FRONTLINE/World [home]

Search FRONTLINE/World

FRONTLINE/World Dispatches

iWitness

reactions

categories

Dispatches

Editors' Notes

Pakistan Blog

iWitness

 

recent posts

Jailed In Iran, A Reporter's Story

Guinea Bissau: A Narco State in Africa

Afghanistan: After an Airstrike

Pakistan: Education's Fault Lines

Burma: One Year After the Deadly Storm

Interview With Sharmeen Obaid-Chinoy

Pakistan's Taliban Generation

Bangladesh: The Mystery of a Mutiny

Afghanistan: A Hard Fight

Cambodia: Confronting Its Past

 

archives

July 2009

June 2009

May 2009

April 2009

March 2009

February 2009

January 2009

December 2008

November 2008

October 2008

September 2008

August 2008

July 2008

June 2008

May 2008

April 2008

March 2008

February 2008

January 2008

December 2007

November 2007

October 2007

September 2007

August 2007

July 2007

June 2007

May 2007

April 2007

March 2007

February 2007

January 2007

December 2006

November 2006

October 2006

September 2006

August 2006

July 2006

June 2006

May 2006

April 2006

March 2006

February 2006

January 2006

December 2005

November 2005

October 2005

September 2005

August 2005

July 2005

June 2005

May 2005

 

RSS Feeds

Virtual Gitmo: Human Rights in Second Life

Video blogger Bernhard Drax talks about the "Gone Gitmo" project, a re-creation of Guantanamo Bay in the virtual world Second Life. Bernhard Drax, better known as Draxtor Despres in SL, has carved out a niche as a virtual reporter specializing in international issues and human rights. Looking like a caricature of a curious NPR reporter, Draxtor showed up at a recent protest in SL's Virtual Israel where Palestinians and Israelis debated who was at fault for the bloodshed in Gaza. Draxtor talked with iWitness about his work and in particular a report he did on the "Gone Gitmo" SL site that has drawn international attention.

Second Life (SL) is an interactive three-dimensional virtual world with about sixteen million users around the world. Using digital tools, one can create an online persona called an avatar and communicate with others using voice, text chat or even break dancing if that strikes your fancy. To be sure there is a strong element of living out a fantasy life through an alter ego, but there is also a more serious side.

Related Story:

Albania: Getting Out of Gitmo Alexandra Poolos and Serene Fang examine the strange machinations of post 9/11 detention policies and politics.

REACTIONS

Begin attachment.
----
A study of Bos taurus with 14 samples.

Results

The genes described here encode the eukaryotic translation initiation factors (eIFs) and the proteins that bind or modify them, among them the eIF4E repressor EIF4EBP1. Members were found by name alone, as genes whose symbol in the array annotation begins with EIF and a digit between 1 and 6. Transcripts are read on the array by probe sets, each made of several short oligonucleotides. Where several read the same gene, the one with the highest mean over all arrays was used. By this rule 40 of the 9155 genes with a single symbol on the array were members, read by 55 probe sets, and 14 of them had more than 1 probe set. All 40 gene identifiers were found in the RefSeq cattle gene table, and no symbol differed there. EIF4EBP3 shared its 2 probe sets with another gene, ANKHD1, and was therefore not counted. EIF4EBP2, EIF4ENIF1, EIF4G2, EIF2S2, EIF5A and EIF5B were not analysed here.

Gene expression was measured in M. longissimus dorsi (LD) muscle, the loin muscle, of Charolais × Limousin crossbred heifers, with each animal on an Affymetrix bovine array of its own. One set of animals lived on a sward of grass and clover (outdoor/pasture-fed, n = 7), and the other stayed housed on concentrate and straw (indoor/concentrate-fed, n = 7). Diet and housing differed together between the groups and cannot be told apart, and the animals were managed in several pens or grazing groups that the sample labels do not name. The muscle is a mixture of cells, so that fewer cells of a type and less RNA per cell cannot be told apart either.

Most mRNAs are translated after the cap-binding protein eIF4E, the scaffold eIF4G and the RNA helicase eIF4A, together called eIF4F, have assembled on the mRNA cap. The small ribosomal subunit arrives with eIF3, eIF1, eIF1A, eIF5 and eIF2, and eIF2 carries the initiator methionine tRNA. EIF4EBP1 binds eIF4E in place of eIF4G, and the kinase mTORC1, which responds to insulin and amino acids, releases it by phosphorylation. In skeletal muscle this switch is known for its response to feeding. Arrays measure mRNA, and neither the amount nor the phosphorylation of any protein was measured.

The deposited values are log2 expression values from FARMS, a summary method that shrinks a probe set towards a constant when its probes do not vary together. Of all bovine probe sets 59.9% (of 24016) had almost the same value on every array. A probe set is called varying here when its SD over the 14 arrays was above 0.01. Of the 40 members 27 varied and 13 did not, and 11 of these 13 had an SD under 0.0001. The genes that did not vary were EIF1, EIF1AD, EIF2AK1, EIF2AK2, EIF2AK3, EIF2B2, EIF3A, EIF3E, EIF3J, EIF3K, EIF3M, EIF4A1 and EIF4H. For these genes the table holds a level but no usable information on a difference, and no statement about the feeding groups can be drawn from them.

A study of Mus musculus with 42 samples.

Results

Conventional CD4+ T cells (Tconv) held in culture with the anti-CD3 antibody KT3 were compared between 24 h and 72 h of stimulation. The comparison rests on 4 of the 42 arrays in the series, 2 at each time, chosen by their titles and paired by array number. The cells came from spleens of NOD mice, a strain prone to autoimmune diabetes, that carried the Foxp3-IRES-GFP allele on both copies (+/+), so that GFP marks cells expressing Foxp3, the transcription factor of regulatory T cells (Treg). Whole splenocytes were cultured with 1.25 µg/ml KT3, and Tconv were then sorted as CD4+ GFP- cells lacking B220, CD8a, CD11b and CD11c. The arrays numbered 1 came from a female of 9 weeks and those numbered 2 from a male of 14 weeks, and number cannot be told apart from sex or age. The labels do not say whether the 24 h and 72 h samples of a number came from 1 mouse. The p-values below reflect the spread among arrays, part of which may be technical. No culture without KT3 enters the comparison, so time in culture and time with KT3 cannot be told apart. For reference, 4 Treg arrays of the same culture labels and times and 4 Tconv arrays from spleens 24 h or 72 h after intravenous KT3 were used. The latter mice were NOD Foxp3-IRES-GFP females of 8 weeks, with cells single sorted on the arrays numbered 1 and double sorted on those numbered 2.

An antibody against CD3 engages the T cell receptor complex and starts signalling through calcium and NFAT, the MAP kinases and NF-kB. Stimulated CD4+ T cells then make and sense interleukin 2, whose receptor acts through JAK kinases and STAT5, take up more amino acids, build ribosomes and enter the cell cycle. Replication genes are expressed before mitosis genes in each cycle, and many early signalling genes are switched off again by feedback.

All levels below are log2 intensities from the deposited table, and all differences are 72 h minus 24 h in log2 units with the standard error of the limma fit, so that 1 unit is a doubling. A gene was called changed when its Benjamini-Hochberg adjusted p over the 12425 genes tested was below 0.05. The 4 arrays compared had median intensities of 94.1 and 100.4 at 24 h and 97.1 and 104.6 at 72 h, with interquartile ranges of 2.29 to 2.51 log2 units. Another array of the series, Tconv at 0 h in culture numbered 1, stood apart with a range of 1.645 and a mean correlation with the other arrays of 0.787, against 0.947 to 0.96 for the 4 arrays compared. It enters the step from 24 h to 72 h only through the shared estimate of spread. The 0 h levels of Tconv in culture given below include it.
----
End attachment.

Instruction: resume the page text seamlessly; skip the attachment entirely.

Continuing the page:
Michael J L - Toronto, ONT
While the use of virtual reality allows access to otherwise unattainable experiences, people must be careful in how these experiences are allowed to inform their judgment. Most would agree that being allowed to perform harmful actions without experiencing harmful consequences can be detrimental to society. In the same light, people would agree that experiencing harmful consequences without having carried out harmful actions would be unjustified.

Drax made an informed opinion about GITMO by living the virtual life of a prisoner, however, these consequences did not occur in isolation. Had Drax virtually, by his own volition, carried out terrorist acts, and thereby harmed others, he might feel and see the gamut of emotions and inconveniences caused by his virtual acts.

While reasons for detainment of persons may be questionable, and thus debated, I feel that an accurate and informed opinion with regard to GITMO detainees cannot be made without accurately experiencing the actions that may have gotten them there.

Karen Johnson - Barnsley, S Yorkshire, UK
This was shown at MipTV. It's a wonderful creative, visionary approach to teaching and learning. I taught twenty years ago and have been working on educational media since then and striving to find superb ways of using new media. I think this is is a compelling example of a serious game. If I was still teaching today, I would be using it in the classroom. Superb work.

(anonymous)
In Second Life avatars gather around the best of human impulses, not only the worst. Cetus Gallery District in SL offers artists and appreciators from around the world a cross-cultural place to experience each other's art & cultural -- the world's first such urban virtual arts district modeled on places like Chelsea in New York, or Portland, Oregon's Pearl District.
Gitmo is headed for history's ash heap of destruction, while the world's art has a chance to stand as testament to the better aspects of human creativity and understanding. Virtual worlds allow us to explore both the dark and the light.

John Fillwalk - Muncie, IN
This is an significant example of how virtual experiences can augment our perception of events harvested from other media. The unique position of our vicarious association with the experience of the avatar can create and impart compelling experiences. I commend the artists and the journalists contextualizing this important virtual commentary.

bernhard drax - pacific grove, CA
thank you Joe for posting this very balanced look at the potential of virtual worlds. it is unfortunate (as i stated in the piece), that the mainstream press tends to dismiss these platforms, but i believe that is slowly changing. in a world of limited resources, engaging with the world, global issues and different cultures without having to travel is hugely advantageous!